Although I started paddling nearly 20 years ago, I’ve never really been one for pursuing paddling qualifications. Apart from safety courses, I am more of a ‘learn from friends; let the river/ocean teach you lessons’ kinda girl. So when I bumped into Simon one evening at River Dart Country Park (RDCP) and he asked me if I wanted to do 5 * training with Gene17, I thought about it really hard. Would it be worth the investment? The overriding answer was a resounding yes.
I had two main issues that really needed to be addressed and the 5*T proved to be the perfect forum for ironing out those concerns. Firstly, I have been finding myself up front, leading peers down class IV rapids, rather than being a passenger. I had no idea how to judge whether I was doing a good job of leading or not. Secondly I’d reached a plateau in teaching myself key strokes and was stuck with a sketchy boof.
The first day of 5*T saw myself and two fellow 5*trainees with Dennis on the Upper Dart at a friendly level (lapping the slab). The morning was dedicated to covering advanced key strokes, including efficient eddy turns, boofs, attainment and cross grain moves. We also covered secondary strokes such as the stern squeeze (I never even knew this stroke existed; now I’m in love with it). We learned concepts for reading rivers, such as setting markers on the river and visualizing how to get to them; awareness of our immediate environment while looking ahead and planning for the next rapid or eddy.
During the afternoon we spent time talking about and practicing group management, group safety, spotting lines, presenting lines to a group of mixed ability and general “soft skills”. This gave me direction on how to successfully lead on harder water whilst being sensitive to each individuals needs within the group. We also covered techniques to keep the group moving quickly, safely and effectively downriver. Then it was off back to RDCP for some soup and debrief; closely followed by beer (3 pints of).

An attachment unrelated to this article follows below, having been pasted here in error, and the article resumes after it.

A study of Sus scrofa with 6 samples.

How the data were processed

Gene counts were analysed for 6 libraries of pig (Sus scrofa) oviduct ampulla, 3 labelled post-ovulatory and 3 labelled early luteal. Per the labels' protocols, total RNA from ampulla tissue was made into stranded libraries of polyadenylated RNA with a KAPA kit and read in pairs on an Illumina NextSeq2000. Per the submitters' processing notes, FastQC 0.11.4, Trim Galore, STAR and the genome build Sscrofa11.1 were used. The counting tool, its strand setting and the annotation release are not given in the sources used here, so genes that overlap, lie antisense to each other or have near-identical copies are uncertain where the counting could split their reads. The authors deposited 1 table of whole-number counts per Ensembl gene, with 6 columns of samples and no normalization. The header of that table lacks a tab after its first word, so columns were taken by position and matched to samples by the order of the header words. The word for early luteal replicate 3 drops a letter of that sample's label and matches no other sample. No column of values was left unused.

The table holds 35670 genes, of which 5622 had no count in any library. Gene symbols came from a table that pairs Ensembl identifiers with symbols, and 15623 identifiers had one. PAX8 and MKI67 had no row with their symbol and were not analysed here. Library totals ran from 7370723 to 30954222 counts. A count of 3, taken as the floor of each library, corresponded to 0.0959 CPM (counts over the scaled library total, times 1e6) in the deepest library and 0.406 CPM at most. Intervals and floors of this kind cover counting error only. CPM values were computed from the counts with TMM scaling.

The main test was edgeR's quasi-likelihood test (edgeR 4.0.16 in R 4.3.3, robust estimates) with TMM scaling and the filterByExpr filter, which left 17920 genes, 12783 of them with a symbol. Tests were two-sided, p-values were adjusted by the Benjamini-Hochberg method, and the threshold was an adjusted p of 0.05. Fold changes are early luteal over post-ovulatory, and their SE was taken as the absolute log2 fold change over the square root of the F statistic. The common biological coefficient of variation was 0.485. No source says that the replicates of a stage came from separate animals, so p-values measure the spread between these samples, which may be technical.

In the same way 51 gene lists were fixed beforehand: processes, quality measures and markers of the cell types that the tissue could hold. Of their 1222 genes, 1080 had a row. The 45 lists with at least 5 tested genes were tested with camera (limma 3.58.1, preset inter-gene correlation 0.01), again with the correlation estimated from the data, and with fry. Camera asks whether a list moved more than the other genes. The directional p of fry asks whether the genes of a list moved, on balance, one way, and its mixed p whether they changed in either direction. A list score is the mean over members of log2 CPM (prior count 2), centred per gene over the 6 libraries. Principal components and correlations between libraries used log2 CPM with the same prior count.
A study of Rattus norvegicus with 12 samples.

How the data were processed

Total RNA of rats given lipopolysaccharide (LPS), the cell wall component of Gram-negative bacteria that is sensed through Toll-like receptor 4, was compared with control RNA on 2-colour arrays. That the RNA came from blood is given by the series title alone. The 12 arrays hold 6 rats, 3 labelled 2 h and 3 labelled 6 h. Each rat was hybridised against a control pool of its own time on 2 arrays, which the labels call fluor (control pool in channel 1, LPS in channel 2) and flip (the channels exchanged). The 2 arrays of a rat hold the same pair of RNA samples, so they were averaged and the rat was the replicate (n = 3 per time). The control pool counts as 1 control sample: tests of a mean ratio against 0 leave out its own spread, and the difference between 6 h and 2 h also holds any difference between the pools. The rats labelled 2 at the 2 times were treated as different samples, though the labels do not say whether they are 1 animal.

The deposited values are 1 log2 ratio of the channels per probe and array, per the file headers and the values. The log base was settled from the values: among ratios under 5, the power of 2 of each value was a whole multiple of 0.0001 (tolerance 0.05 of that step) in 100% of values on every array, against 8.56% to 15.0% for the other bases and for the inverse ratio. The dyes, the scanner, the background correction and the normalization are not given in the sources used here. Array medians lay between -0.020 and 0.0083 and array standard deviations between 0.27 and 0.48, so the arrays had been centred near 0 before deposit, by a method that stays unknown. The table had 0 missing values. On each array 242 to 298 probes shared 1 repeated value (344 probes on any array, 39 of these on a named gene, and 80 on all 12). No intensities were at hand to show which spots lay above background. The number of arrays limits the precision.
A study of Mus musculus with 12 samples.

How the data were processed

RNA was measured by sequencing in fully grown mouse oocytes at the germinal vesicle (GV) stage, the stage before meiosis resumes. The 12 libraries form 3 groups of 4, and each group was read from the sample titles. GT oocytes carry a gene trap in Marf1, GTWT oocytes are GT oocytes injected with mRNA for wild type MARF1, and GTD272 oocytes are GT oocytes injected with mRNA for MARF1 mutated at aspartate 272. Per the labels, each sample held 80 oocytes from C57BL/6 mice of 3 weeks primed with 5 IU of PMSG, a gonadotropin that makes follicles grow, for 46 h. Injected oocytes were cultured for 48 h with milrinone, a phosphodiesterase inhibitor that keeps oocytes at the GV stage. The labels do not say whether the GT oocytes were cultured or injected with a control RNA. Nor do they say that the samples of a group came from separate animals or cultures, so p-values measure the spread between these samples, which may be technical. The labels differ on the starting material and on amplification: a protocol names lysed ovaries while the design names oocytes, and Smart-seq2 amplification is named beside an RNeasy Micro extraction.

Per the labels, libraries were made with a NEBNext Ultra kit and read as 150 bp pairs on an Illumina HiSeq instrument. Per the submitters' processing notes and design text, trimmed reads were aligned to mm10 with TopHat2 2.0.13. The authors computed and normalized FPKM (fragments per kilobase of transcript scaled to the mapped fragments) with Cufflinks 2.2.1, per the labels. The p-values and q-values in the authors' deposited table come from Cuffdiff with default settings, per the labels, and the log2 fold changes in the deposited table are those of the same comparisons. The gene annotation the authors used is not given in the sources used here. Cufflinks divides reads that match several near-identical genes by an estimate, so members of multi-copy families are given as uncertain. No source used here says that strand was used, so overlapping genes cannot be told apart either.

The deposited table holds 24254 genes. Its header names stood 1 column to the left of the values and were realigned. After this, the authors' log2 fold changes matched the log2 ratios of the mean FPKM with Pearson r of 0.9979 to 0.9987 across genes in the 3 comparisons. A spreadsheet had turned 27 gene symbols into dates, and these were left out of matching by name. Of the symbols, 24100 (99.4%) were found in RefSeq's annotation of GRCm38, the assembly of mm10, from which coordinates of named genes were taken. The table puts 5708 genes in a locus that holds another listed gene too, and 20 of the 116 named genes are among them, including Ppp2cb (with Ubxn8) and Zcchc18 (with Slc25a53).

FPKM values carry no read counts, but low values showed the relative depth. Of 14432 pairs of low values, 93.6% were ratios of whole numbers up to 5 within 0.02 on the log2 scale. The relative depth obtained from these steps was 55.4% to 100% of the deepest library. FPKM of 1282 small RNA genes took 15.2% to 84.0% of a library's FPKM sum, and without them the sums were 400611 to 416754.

Sunday was dedicated to personal development and core skills with Simon; and what better place to practice those skills than on the East Lyn? We started with the good ol’ boof. Simon filmed and offered advice as we ran a little ledge over and over. With the instant video analysis combined with Simons critical eye and explanations, our boofs improved infinitely after just 4 re-runs of the rapid. A new concept for me was learning that key strokes should just be an extension of a regular paddling stroke; not forced.
We encompassed more river reading and boofing clinics all the way down the gorge and we put into practice line of sight and river/ bank communication skills. Simon’s teaching style included demonstrations, instant video analysis and succinct, yet effectual advice. Simon took each of our river running issues and fixed one thing at a time until it all just flowed. A great day of learning and personal skill development was followed by a lengthy debrief in the pub. During the1 to1 feedback we were given clear goals and targets to reach before going for assessment.
The 5 *T with Gene17 taught me in 1 weekend what I’ve tried to teach myself in 2 years. I finally know what is expected of me leading class IV rivers and I finally have a boof that works. Yay! That’s a pretty good return on the investment, I’d say.